The Contagion of Christianity

by | Mar 12, 2021 | Formation, Reflections, Vincentian Family

Rephrasing a question.

How could the Christian movement go from a mere 25,000 followers in the year 100, to 20 million just 200 years later… while enduring constant persecution?

Before I wade into the waters, I would like to pose a COVID era question. People who love and care for their families have faced the question, “Am I a carrier of this microscopic organism?” “Am I contagious?” It is especially acute for parents who are doctors and nurses who literally put their lives on the line each day as the go to work. It is a question asked out of love.

Was the Christian movement contagious? How could the Good News movement spread so effectively without many of the structures we consider essential to being church?

Jesus was contagious!

Using that image, it seems to me that Jesus was contagious for those he came into contact with. They wanted to be counted as his followers. They, in turn were themselves contagious. We might even see them as “super-spreaders”.

When Jesus passed through many lives, he certainly lit up the rooms of their lives. What was it that was so infectious about Jesus that ordinary people, in the midst of their daily lives, would literally drop everything to be in his presence?

We have some clues in Jesus’ words. He told them stories illustrating the good news that God loved them… no matter who they were or how messed up their lives were. Jesus not only told them stories. He acted out these stories. They experienced the contagion of God’s love in Jesus.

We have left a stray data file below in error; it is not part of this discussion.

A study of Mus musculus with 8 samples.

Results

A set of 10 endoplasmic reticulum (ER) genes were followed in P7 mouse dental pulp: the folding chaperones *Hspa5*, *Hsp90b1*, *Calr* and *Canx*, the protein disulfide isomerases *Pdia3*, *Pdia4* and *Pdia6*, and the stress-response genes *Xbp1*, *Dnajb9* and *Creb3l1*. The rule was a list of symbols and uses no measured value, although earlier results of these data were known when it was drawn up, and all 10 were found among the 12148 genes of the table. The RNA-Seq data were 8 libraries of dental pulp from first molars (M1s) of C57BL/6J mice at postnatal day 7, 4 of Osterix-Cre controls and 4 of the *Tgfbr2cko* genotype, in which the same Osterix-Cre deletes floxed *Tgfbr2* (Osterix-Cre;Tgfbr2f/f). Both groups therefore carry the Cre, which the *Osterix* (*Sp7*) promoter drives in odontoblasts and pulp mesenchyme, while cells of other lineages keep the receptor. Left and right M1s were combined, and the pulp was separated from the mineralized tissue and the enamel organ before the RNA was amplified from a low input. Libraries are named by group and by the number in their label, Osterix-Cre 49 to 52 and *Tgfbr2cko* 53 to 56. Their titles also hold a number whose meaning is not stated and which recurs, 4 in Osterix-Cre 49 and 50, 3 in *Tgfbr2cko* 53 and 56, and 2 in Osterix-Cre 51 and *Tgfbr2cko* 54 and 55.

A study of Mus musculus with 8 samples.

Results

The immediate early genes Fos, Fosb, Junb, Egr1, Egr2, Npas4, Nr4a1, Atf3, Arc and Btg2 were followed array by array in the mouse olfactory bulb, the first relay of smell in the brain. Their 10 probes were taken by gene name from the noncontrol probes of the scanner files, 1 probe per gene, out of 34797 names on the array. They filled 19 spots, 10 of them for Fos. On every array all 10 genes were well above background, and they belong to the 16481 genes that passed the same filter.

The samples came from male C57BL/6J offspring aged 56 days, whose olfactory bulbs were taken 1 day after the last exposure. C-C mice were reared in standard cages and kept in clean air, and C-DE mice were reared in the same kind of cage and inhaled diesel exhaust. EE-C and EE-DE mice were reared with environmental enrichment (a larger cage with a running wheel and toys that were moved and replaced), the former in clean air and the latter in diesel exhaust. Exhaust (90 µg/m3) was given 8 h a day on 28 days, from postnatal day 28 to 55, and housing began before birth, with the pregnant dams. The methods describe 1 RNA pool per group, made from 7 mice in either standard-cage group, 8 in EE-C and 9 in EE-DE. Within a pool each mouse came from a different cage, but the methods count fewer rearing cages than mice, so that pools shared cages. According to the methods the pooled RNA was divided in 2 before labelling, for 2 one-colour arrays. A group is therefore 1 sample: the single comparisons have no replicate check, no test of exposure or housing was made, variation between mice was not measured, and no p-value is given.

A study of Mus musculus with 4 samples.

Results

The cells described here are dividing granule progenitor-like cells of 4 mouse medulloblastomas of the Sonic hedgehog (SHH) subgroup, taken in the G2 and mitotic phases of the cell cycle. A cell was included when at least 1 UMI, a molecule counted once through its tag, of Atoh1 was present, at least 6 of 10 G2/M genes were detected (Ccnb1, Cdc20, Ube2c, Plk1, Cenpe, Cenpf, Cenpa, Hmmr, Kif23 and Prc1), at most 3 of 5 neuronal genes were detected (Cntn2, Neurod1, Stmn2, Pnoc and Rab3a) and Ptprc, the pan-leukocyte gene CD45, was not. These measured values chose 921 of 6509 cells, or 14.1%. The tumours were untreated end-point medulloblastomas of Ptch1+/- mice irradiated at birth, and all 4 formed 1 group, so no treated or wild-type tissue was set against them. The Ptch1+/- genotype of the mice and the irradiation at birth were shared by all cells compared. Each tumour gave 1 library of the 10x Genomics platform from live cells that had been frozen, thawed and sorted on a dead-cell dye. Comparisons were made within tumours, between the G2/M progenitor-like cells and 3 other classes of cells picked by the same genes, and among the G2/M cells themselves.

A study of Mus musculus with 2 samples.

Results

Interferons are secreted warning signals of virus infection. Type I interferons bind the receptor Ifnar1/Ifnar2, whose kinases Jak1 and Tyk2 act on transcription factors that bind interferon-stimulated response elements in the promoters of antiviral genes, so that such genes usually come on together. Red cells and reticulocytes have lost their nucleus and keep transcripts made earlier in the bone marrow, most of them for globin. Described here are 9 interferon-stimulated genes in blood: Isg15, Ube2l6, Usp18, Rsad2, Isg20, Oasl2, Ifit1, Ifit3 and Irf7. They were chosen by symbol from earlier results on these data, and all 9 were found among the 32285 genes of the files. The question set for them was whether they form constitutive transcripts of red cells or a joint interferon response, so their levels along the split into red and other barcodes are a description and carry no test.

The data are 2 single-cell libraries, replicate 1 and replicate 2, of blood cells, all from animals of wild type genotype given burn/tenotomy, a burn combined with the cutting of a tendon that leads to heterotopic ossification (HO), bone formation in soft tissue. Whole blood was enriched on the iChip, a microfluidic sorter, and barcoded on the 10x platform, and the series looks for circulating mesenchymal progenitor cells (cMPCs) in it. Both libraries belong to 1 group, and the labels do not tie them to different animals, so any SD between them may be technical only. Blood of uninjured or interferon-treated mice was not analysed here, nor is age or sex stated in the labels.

They didn’t always understand them because they were so used to thinking within the framework of a structured society of winners and losers. So “the kingdom” meant they would no longer stand outside waiting for scraps from the table. They would be fed with the finest wheat.

They certainly felt welcomed into the inner circle when he fed 5,000, or the smaller Passover meals such as the one which turned out to be his last supper. At that more intimate meal they probably were shocked when he acted like a servant and washed their feet. What’s more, he actually asked them to wash one another’s feet!

The story they had the most difficulty with was the story that ended on a cross. Only later when they were filled with the Spirit, did they understand the scandal of the cross. The cross was the most dramatic way God demonstrated the good news of love for us. God was saying that everyone was in the circle of God’s love… even enemies! This awareness transformed their lives.

The early Christians were contagious

They then began to live the stories he told them, especially the one where they finally understood the command to wash one another’s feet. They now began to understand the depths of the ancient message “I will be your God and you will be my people.” Jesus made it clear that these words meant they were all in the circle of God’s love and called to love one another as God loved each of them.

The transformed lives of these followers revealed the good news with amazing clarity. “See these Christians, how they love!” Others wanted to be in that circle of love. They all wanted to be in that family.

The obvious question

We sing the words to “They’ll know we are Christians by our love.”  Do others know we are Christians by our practical love? Love for rich and the poor, the sick, the imprisoned, saints and sinners, those who think differently or have different color skin? Do they experience God’s love for them mirrored by our lives? Is it any wonder that Jesus speaks of the final judgement in terms of what we do for the unrecognized, bruised and broken Christ in our midst?

This kind of lived love is highly contagious!